Rachel Hartman
Seraphina Cover



I've always marveled and pondered the many ways authors handle the subject of dragons. In Seraphina, they are intelligent, possess advanced technology, and have a magical ability that lets them take human form. The book takes place in a world where humans and dragonkind exist in a constant state of mistrust. After warring with the humans for time eternal, the leaders of the two races had finally come together to agree upon a peace treaty.

Now forty years have passed, and while dragons walk amongst humans at court and in their cities as scholars and ambassadors, bitter feelings still exist between the two sides. The tension reaches a fever pitch in the days before the dragonkind leader arrives to commemorate the treaty's anniversary, and a human prince of Goredd is found dead, his head missing--presumably eaten by a dragon.

These events hold terrible implications for our protagonist Seraphina Dombegh, a half-dragon hybrid who has struggled to hide her secret for most of her life. Circumstances draw her into the murder investigation, and she finds herself working with handsome Prince Lucian, Captain of the Queen's Guard, despite her position as the court musician's assistant. With the day of the anniversary celebrations fast approaching, they have limited time to tease apart a dangerous conspiracy plot.

The world-building in this book is phenomenal; as in, a lot of thought seems to have been put into every aspect of the setting. For example, its rich history adds a lot to the story, and to a certain extent, the reader has to understand the significance of past events to fully appreciate the impact they have on the present. Then there is the complex religion, which encompasses a fair number of saints to which the people of Goredd look to guide them. The religious aspect certainly isn't central to the book, but at the same time, it adds a layer of context to the story and characters, making them feel more refined.

Then there are the dragonkind and their culture. Let's just say when it comes to emotional suppression and denial of their feelings, the dragons in Seraphina make the Vulcans on Star Trek look like cuddly puppies. The idea that they can look like humans is also very interesting, if not wholly original, but what I found amusing are the dragons' general impressions on having to take human shape; I just wished there were more details on the magic involved during the actual changing process.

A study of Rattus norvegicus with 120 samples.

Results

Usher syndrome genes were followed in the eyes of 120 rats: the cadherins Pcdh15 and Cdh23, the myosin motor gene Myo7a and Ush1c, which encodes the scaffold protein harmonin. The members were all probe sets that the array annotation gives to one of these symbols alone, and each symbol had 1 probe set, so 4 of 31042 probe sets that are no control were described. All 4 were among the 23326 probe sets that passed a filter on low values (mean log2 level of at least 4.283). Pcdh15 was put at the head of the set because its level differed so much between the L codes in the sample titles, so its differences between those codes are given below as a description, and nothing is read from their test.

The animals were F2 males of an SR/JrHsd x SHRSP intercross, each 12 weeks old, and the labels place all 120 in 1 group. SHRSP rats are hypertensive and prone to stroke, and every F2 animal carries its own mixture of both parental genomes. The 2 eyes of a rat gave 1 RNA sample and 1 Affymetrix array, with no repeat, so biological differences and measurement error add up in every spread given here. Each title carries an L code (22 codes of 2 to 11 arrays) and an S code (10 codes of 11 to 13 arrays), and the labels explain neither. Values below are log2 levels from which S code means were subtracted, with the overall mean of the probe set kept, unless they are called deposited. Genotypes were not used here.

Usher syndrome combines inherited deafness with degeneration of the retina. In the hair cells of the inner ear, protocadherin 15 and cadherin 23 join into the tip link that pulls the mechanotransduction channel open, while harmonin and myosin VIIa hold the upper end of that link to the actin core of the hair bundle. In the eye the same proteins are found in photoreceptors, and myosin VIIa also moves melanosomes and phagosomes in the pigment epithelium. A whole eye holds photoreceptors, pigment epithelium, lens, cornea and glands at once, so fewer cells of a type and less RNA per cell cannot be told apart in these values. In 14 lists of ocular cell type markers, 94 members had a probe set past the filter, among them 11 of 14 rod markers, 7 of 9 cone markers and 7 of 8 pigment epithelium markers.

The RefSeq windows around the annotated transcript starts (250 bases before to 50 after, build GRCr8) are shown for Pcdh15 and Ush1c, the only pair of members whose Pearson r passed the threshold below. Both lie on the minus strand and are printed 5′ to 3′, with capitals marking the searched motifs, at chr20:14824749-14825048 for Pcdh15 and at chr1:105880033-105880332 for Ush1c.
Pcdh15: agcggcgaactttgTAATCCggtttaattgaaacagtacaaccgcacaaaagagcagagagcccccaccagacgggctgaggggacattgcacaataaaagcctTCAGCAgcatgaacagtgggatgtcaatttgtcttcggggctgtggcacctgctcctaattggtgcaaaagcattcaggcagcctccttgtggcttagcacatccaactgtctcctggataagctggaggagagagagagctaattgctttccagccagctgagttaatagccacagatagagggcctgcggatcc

And speaking of magic, on the whole, the concept of it in this book is quite abstract. Seraphina, for instance, has to regularly "tend a garden" in her mind in order to control the debilitating visions that overtake her, thanks to the powers she inherited from her unusual parentage. If you're anything like me, it'll take some time to wrap your head around this bizarre idea, which really is more a part of Seraphina's abilities than a metaphor, which I know it sounds like.

So why am I not absolutely crazy for this book, like I should be? Unfortunately, some books that by all rights I should adore are diminished in my eyes by the characteristics of the main protagonist, and this was the case for Seraphina. Try as I might, I just couldn't connect with the eponymous heroine as I'm usually not a fan of the "wallflower-type" character. Granted, Seraphina has all the reasons in the world to be the way she is, but she's still a bit too far on the meek side of things for my tastes. It's true she displays moments of strength and determination, but then also wallowed in her self-pity one too many times for me to truly engage with her narrative.

Don't get me wrong, this book was a wonderful read and I'm glad I picked it up, but being able to like the main character is a biggie for me, and it was that one thing that prevented me from giving it a higher rating. Overall, however, Seraphina is an impressive debut featuring excellent world-building and very imaginative elements. It's classified as Young Adult, but a wider audience could definitely appreciate this.